Boston Mayor Michelle Wu affirmed on Boston Public Radio that the seven-month free museum pilot program will not be expanded beyond Boston Public Schools students right now.

“Believe me, if I could wave a magic wand and make it so that museums were free for everyone and they could still financially support themselves, that is my dream,” Wu said on Boston Public Radio Tuesday.

The pilot lets the roughly 45,000 BPS students and their companions go to many of Boston’s cultural institutions for free on some Sundays. The pilot launched last month and is set to run up to August. It’s drawn criticism from some, including sitting Boston City Councilors, for only allowing BPS students and leaving out kids who go to METCO, private or charter schools.

Wu said she opted to start the pilot with BPS students, in part, to try to bring in families who’d never been to those museums before. The city also already has a streamlined method of communication with BPS parents and students.

“We don’t have that mechanism to communicate with all the students and families in the other kinds of communities that we’re talking about here,” she said.

Implementing such a program as is was no small feat, Wu says, requiring negotiations with six different institutions.

“It took a year to get a negotiation with all of those institutions to a place where those groups were on the same page. Because they are struggling right now, coming out of the pandemic,” she said. “They are still making their way out of that financial hit.”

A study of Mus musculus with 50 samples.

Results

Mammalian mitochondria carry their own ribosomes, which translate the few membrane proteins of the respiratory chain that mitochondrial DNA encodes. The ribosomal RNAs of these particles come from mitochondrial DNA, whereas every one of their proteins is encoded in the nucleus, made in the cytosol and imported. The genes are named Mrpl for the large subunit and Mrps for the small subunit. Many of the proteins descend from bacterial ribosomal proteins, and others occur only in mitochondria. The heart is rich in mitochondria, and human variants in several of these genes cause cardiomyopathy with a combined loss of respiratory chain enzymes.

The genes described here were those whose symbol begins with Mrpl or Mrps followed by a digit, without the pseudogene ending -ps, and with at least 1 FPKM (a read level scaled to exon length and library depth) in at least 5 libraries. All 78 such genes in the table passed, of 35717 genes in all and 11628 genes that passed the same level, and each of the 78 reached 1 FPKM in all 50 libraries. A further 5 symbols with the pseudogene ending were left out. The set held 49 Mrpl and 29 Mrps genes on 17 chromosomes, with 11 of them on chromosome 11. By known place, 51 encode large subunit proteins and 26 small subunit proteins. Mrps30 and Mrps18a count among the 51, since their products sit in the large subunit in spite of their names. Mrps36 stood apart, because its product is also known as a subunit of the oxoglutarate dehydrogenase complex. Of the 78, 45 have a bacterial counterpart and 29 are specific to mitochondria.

At the New England Aquarium, for example, where space is tight, the institution worries about hitting their capacity on Sundays.

“They already are worried about whether we’re going to reach that capacity limit, where they’re going to have to turn away paying customers and visitors at the door because of the commitments to BPS,” the mayor said.

Wu intends for the program to continue in its current form, and continue to be open to the public’s suggestions.

For example, the mayor may consider the possibility of offering free admissions on a different day of the week. After speaking with a visitor at the Boston Children’s Museum this past weekend, Wu was told that the limited schedule of the MBTA on Sundays could discourage students and their families from visiting.

“Here’s what we’re measuring,” Wu said. “Who’s going? How did they find out about it? Whether it’s their first time at these institutions. Who they’re bringing with them.”

Despite challenges, the program has already shown promising results. According to Wu, 45% of the the BPS families who have gone to Boston Children’s Museum under the pilot were visiting that museum for the first time.

“It is very much my hope that we can expand. My sense is that we'll need to find some more funding for that to happen, and that will be something that we have to plan out,” the mayor said.